Beginning a blog is a daunting prospect, especially since I don’t have faith in my writing skills. After struggling with my words for years I was surprised to hear from my clients that I need to go public with my story.
At times, my train of thought can be described as a crop dusting of brain farts. I was diagnosed with a learning disability at a young age and when you combine that with the distractions of motherhood, screen time and my most recent MS diagnosis, let’s just say this experiment could be a train wreck. I will do my best to find some clarity in my calamity.
In 2000, I was living with Lupus and switched my career to fitness because I had seen the benefits it had on my health. For 10 years I had a good run. I completed multiple marathons, an Olympic distance triathlon, and a 200ish mile relay race. In addition, I survived three high-risk pregnancies. I was teaching spin, yoga, Pilates and training. I was in a rush to live this life and did not want to waste a day.
In 2010, my Lupus appeared to be in remission and I celebrated by bragging to all my fitness classes. I was a walking advertisement for the benefits of exercise. I had grown accustomed to living in constant pain but I was thriving.
A few months later I was out running and felt weakness in one side of my body with discomfort lasting 2 miles into the run. At rest, I had tingling in one arm and vibrations down both of my arms. I was exhausted all day and every day. The final straw came when I was in Lenscrafters getting my eyes checked without any successful results. It only seemed appropriate that such a life altering moment should happen at the Burlington Mall.
My doctor scheduled an MRI immediately and that was when they discovered the first lesion on my cervical spine. My diagnosis was transverse myelitis and eventually MS.
MS is not an easy diagnosis and the MRI was just the beginning of my journey with this disease. It’s a club that you would prefer not getting an invitation to, but I got the official invite after years of testing. The process for a diagnosis is time-consuming and easily took over my life. First opinions, second opinions, and excessive tests. Waiting rooms, needles, lab technicians, nurses and doctors became my social outlet. I slept during my scans and blamed it on my morning runs sandwiched between teaching two spin classes. I discovered the best place to get a scan with warm blankets and good music.
I became the Roger Ebert of medical procedures. I was lucky to have a 5-star neurologist perform my first lumbar puncture. He was a true artist with a needle. He was delicate but efficient. He played his role with the unique charm of a true veteran in his craft. I cried and laughed before it was over and knew that he was the only neurologist I would trust with my spinal fluid.
I used to tease my husband that I thought my neurologist was just into me and that’s why he kept asking me to come back. After all, how many almost 40-year-old hotties did this guy get to see on a regular basis?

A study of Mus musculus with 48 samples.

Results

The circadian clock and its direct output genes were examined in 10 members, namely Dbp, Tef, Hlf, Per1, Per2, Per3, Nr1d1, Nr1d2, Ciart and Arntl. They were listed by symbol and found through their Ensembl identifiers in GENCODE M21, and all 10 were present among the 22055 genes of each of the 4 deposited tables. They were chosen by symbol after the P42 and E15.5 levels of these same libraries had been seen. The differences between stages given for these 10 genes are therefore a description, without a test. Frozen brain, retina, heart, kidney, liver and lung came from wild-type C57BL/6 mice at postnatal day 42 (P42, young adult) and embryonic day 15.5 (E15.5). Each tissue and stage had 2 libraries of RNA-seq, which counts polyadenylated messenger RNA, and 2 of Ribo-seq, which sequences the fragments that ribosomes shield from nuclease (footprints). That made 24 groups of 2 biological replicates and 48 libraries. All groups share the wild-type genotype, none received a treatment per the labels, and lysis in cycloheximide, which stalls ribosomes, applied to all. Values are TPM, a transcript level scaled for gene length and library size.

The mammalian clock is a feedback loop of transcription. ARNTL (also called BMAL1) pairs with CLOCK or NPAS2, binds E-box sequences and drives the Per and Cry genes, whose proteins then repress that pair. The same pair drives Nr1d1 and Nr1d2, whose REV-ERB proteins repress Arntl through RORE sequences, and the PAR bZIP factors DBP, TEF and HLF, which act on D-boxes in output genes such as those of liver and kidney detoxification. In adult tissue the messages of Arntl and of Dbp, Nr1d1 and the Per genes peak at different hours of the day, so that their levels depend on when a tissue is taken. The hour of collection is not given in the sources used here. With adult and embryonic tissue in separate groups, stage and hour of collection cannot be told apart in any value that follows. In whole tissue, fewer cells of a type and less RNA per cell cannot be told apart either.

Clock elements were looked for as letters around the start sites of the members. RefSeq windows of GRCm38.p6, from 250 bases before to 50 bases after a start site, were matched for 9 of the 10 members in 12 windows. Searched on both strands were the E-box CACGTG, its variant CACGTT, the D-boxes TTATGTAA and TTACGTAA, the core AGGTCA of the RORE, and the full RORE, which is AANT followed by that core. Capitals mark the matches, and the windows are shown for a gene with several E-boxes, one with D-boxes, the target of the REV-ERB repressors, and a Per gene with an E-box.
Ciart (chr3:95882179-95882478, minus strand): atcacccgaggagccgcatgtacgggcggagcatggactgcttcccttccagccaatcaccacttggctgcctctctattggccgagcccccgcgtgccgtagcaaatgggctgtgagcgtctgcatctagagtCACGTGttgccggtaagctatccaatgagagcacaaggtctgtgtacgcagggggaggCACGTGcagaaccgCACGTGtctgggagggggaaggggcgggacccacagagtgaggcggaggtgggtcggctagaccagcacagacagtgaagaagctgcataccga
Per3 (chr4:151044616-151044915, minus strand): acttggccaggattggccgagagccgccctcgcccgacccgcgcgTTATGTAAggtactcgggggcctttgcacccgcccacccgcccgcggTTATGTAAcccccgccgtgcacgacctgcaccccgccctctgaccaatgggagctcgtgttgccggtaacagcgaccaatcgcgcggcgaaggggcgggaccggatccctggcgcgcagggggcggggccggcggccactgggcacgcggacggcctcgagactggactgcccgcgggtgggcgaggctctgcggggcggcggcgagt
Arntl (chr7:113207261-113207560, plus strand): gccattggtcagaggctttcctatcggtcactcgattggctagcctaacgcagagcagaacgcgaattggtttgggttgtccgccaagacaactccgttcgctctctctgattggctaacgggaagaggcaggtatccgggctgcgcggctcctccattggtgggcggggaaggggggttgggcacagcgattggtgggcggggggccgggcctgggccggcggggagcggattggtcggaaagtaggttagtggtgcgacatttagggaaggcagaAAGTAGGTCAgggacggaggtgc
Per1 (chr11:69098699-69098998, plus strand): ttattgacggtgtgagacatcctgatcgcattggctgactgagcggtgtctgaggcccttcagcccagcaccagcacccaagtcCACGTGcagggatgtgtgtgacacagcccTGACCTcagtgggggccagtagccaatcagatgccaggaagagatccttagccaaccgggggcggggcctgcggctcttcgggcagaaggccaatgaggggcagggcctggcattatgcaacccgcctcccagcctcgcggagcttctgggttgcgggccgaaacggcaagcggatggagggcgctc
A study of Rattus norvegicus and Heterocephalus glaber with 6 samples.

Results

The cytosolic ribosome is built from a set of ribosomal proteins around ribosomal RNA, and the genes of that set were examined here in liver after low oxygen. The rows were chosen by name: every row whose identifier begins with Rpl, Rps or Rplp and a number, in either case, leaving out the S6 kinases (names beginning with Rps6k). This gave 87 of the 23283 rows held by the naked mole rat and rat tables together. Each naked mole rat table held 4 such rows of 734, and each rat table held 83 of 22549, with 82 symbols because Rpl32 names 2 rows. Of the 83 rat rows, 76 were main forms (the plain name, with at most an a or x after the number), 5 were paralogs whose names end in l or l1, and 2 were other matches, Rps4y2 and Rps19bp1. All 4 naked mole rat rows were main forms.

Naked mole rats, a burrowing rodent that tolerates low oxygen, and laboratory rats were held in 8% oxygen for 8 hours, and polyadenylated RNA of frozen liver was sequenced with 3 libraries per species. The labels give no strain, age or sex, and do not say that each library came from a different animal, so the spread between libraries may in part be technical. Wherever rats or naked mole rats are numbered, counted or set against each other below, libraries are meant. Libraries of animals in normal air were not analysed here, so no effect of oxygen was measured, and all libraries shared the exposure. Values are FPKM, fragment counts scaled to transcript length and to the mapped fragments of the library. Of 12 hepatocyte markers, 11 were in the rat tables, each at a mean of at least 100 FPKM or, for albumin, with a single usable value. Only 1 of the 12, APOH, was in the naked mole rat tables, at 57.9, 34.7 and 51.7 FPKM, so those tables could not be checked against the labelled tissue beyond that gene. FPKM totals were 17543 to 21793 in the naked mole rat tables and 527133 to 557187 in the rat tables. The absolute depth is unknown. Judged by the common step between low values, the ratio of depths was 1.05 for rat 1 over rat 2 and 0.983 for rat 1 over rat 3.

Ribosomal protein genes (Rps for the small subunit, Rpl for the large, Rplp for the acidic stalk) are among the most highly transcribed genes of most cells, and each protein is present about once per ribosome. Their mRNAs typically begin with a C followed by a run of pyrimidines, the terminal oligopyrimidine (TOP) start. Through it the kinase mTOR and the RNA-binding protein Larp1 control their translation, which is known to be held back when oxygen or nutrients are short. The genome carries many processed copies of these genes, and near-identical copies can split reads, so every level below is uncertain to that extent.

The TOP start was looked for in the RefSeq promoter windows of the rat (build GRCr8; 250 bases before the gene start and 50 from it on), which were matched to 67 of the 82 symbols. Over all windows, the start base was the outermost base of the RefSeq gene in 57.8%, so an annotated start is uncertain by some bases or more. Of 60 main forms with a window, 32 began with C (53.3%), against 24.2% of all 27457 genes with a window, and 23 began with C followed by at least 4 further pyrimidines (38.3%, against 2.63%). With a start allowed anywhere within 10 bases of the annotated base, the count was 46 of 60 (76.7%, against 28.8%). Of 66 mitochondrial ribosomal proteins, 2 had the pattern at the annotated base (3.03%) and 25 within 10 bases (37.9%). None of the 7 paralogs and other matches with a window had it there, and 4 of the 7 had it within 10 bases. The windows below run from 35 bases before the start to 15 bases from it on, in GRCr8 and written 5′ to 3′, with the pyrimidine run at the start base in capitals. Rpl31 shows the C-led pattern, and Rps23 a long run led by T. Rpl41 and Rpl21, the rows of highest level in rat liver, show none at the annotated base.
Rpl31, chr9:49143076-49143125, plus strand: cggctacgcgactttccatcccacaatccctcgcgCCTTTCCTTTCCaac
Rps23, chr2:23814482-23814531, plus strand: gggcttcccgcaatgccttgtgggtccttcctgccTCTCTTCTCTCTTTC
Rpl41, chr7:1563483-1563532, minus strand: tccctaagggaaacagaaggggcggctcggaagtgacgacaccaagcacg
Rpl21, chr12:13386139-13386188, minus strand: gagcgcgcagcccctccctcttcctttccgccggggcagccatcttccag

During this time I was trying to be a good mother to three girls; two in high school and one in middle school. I vividly remember my OBGYN, after my third daughter was born, warning my husband about the impending hormonal craziness of the teenage years. Just like any good oracle priestess, her enigmatic prophecy became a reality at the most stressful time in our life. I can still remember one dinner where we watched PMS get passed around the table like a bad cold.
The worst of the high school drama was happening while I was losing my dad and coming to grips with MS. My plan to move forward was unconventional and some would say crazy. There was no manual for this life, so I had to write my own.
Along the way I have shocked my doctors and friends. I am strong and fit because of lifestyle choices, nutrition, fitness and NO pills. I even gave up my daily ibuprofen for pain(2400 MG a day). In addition, I have lost 36 pounds and transformed my life. Some people talk about all the amazing things they are going to do in this life and quit when things get tough… I used to be less inspired than those people. I used to be afraid of announcing a goal or aspiration. It took me a long time to be different.
Committing to and completing my goals is something I have learned in this crazy life. I know if I eat a donut I will wake up in pain… so I don’t do donuts. I know I could be in a wheelchair or using a cane in ten years if I don’t workout every day… so I get off the couch. I force myself out of bed at 5:30 AM even when my body screams “no”.
My next goal is to provide a weekly blog post. I will share how I handle stress and what motivates me to keep moving forward. Subscribe to my blog by adding your email address to the form on the right. You’ll be the first to hear about how I have shocked my doctors and friends!